3

Was ist nur mit dem Wetter los?! Wenn es auch nur noch ein bisschen kälter wird, wird es vielleicht nicht einmal reichen, weiterzutanzen, um mich warm zu halten!

Was ist nur mit dem Wetter los?! Wenn es auch nur noch ein bisschen kälter wird, reicht nicht mal mehr der feurigste Tanz aus, um mich warm zu halten!

For instance, when I say something like this in conversation, I find myself using "reichen" in the first phrasing and "ausreichen" in the second instead of the other way around. The thing is, I can't put my finger on exactly why I feel this way.

I found a post dealing with the difference between "reichen", "ausreichen", and a few others, but I'm still none the wiser.

6

Ausreichen means to be sufficient in terms of level, while reichen means to be at that level. In your example, reichen is used the same way as ausreichen because you give an explanation why something would be not sufficient.

Consider the following examples:

Das Wasser reicht mir bis zur Hüfte.

You can't use ausreichen here because it's not about something being sufficient.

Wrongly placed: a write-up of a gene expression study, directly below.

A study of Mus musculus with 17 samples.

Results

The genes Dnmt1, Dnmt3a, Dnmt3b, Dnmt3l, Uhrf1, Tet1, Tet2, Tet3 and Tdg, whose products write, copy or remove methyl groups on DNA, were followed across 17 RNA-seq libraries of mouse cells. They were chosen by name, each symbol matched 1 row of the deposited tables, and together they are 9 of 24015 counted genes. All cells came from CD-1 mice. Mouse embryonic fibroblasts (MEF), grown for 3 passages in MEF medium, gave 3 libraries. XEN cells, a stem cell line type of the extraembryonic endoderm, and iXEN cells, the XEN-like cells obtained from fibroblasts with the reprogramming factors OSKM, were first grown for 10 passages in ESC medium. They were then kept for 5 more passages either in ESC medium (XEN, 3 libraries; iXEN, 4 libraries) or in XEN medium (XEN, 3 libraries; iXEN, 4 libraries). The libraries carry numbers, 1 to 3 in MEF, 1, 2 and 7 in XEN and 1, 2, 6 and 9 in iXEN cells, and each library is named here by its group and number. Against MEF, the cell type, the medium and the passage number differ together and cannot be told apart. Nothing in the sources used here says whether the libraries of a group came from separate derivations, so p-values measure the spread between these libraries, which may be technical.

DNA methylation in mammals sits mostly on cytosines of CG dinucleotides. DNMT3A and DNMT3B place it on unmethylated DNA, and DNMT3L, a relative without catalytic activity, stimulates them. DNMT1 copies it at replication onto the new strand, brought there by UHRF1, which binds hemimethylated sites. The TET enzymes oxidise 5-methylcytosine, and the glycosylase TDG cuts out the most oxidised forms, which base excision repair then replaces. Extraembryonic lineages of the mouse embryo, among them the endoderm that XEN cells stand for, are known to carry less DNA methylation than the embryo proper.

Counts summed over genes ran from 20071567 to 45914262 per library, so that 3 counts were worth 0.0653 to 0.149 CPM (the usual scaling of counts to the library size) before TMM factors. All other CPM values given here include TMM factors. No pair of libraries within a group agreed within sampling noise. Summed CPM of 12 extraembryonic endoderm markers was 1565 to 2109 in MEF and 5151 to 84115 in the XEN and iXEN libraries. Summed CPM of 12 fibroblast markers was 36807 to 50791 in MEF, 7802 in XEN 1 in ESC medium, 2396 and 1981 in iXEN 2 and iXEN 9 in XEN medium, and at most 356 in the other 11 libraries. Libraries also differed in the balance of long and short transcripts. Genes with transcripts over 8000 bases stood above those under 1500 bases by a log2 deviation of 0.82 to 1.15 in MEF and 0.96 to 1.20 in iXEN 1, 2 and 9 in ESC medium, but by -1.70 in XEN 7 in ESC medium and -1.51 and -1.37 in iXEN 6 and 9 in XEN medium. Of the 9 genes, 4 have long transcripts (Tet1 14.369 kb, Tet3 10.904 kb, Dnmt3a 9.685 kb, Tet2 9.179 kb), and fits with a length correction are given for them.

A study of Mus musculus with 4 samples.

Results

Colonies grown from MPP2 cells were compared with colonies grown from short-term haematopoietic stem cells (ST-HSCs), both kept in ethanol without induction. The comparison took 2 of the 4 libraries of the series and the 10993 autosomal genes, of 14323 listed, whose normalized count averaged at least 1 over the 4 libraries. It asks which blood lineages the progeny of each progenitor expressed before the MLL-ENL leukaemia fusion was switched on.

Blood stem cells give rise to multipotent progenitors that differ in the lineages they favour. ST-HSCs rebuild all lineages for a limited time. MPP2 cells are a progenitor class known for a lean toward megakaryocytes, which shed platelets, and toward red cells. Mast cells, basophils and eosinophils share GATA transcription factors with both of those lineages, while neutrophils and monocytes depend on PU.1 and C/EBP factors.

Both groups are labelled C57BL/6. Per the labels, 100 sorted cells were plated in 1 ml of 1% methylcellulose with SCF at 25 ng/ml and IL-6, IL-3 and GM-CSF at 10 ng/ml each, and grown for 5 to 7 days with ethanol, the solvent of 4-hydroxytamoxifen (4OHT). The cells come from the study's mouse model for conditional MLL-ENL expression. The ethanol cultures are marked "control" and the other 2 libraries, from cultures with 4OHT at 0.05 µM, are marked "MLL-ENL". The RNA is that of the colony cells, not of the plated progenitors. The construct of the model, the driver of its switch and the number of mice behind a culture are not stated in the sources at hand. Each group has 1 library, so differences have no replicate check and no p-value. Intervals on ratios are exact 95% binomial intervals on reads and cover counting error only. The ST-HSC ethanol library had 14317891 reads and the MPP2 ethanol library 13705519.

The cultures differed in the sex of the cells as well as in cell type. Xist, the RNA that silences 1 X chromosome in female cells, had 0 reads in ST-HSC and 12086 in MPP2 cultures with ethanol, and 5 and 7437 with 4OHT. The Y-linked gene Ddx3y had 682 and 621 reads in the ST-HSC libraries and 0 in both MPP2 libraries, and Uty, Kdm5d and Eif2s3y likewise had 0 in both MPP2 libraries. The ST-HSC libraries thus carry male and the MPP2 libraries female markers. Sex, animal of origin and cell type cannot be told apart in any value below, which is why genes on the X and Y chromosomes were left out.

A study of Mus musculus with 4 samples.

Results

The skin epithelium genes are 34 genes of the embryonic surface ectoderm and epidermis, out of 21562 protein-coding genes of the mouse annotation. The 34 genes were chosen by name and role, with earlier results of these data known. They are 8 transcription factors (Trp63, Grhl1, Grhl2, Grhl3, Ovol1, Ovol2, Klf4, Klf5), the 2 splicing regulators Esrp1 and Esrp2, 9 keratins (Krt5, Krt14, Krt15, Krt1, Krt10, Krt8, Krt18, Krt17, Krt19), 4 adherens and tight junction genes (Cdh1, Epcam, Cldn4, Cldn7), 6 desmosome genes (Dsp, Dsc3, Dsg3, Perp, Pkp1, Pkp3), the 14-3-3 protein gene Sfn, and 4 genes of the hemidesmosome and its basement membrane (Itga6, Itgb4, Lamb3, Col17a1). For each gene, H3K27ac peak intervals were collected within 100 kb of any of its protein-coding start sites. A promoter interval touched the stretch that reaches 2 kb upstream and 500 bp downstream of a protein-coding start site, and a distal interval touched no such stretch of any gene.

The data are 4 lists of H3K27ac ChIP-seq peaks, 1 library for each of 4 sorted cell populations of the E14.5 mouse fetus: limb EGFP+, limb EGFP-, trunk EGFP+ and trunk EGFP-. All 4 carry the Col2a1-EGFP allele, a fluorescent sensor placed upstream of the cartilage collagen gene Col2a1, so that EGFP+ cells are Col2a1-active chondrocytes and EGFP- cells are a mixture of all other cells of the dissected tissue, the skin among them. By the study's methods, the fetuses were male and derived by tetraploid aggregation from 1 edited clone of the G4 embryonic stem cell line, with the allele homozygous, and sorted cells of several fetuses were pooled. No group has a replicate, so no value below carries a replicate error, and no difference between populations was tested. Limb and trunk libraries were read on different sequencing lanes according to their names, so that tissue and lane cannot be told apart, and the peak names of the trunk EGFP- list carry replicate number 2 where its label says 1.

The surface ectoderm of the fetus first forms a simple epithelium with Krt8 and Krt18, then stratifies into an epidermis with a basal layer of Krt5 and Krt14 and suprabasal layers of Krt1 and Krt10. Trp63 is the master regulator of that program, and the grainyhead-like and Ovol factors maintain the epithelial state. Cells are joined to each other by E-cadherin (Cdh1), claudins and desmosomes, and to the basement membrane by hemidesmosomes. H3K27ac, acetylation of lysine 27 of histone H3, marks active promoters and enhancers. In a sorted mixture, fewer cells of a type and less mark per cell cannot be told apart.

Dieser Wasserstand reicht mir zum Schwimmen (aus).

You can use both reichen and ausreichen. They mean the same, it's clear from context this is about the water level being sufficient (for swimming).

The real use case for this verb ausreichen is the Partizip I.

Das ist ein ausreichender Wasserstand.

No one uses reichend in this case.

  • Hi. So in my two sentences, are the two verbs simply interchangeable? – Con-gras-tue-les-chiens Aug 11 at 8:39
  • Yes, as both your examples are about something being (not) sufficient. – Janka Aug 11 at 10:05
1

"reichen" is more "to be enough" while "ausreichen" is "to be sufficient". "Ausreichen" implies reaching a threshold while "reichen" implies reaching a limit.

  • You completely missed one use of "reichen"! – Kuechenzwiebel Aug 13 at 13:07
1

Reichen can be translated in two ways. It can mean the same as ausreichen, which means something is enough. But reichen also can mean to give someone something.